They storm the stores, they buy and consume as if there were no tomorrow. And they believe unwaveringly that everything will always get better. Although nothing at the moment speaks for that.

Anyone who says “Black Friday” normally means the stock market crash of 1929. Exactly there, where this stock market crash once occurred — that is, in the United States — one means something quite different: namely, the Friday between Thanksgiving and the last weekend of November. On that day, the stock markets do not crash, but the credit cards melt.

Although the turkey from the day before still lies heavy in the stomach together with rich gravy, sweet potatoes and pumpkin pie, the Americans torture themselves out of bed at daybreak and go out in search of bargains with coupon books and newspaper advertisements in hand.

The stores open at 5:00 or 6:00 a.m. on Black Friday, when the lines often already snake around the whole block and are only different from the lines in the former Soviet Union in the sort of product that wait as a reward: X-Box, waffle irons, iPads, chic boots on SuperSaver sale (as long as they, like in the former Soviet Union, are not sold out by the time one has fought one’s way to the front of the line).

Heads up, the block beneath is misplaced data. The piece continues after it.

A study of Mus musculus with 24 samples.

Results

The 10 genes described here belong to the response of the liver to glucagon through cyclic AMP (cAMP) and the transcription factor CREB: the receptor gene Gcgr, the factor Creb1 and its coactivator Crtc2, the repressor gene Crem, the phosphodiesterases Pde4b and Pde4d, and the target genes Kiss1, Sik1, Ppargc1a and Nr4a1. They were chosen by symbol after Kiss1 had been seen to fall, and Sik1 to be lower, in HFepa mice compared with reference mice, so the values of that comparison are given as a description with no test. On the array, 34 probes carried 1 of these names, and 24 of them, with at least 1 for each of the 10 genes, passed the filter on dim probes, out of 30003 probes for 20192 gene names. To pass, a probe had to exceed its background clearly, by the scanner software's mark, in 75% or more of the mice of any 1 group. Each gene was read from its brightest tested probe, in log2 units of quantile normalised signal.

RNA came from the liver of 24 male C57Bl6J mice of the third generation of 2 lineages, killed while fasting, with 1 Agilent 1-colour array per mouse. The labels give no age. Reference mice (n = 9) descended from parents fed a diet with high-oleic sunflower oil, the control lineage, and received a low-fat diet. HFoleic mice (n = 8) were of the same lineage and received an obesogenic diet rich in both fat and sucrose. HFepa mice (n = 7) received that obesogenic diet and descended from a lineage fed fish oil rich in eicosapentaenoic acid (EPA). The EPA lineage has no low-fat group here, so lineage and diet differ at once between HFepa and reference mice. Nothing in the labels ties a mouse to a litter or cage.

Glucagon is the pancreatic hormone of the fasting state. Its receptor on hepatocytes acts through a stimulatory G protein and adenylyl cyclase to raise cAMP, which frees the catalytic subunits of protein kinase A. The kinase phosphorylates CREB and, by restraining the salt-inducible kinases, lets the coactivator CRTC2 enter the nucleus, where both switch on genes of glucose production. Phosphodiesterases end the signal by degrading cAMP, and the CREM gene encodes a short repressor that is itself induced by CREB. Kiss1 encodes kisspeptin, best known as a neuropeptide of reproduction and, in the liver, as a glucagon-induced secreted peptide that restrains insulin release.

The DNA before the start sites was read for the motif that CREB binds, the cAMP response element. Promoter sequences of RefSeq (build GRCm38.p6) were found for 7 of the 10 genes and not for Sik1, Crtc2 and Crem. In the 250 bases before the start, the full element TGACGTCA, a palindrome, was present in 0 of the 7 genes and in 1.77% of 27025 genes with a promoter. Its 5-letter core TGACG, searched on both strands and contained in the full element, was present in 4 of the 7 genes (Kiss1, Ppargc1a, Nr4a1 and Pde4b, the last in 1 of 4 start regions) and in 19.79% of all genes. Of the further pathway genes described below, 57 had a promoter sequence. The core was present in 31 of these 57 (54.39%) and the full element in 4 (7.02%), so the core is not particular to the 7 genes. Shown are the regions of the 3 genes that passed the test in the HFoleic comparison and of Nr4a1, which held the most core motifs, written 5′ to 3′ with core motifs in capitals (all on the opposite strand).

Nine percent unemployment, threatening national bankruptcy, political stalemate, pitch-dark economic outlook — one could approach it somewhat more modestly these days? No, only Europeans would think that way. For the Americans, the crisis has brought just one single change: that many stores opened even earlier this year, at midnight, so one could get in line right after the Thanksgiving dessert. To get rid of the money as soon as possible as long as one still has some.

152 million Americans went shopping last Friday, 14 million more than in the previous year. 6.6 percent increase in turnover; added to it comes an additional 24 percent in online shopping. No, they do not allow themselves to be irritated and are certain that things will be better for them tomorrow than they are today, even though nothing speaks for this.

A film that has been just released in movie theaters is recommended for anyone who wants to trace the American’s paradoxical approach to the crisis: Ruth Beckerman’s documentary “American Passages.” There we see an old woman who buys the content of self-storage boxes — and is firmly convinced that she will be able to sell the paltry odds and ends at a profit. There we see a young, drug-dependent woman in prison, who is looking forward to being another person tomorrow.

The America of this movie consists of rainy parking lots, garish, shabby snack bars and interchangeable shopping malls. Yet, the overly indebted people who populate it firmly believe for puzzling reasons that they have their lives in their own hands and that some beginning will come after every dead end that they come up against.

Seen in the context of world history, the century of American dominance has ended. It is apparently so in the U.S. as everywhere else that the principle of growth, growth, consumption, consumption, debt, debt has reached its limit: not sometime, but now. In the wars they recently waged, the Americans have even learned self-doubt and experienced how defeat feels. How can it be that they are not sad?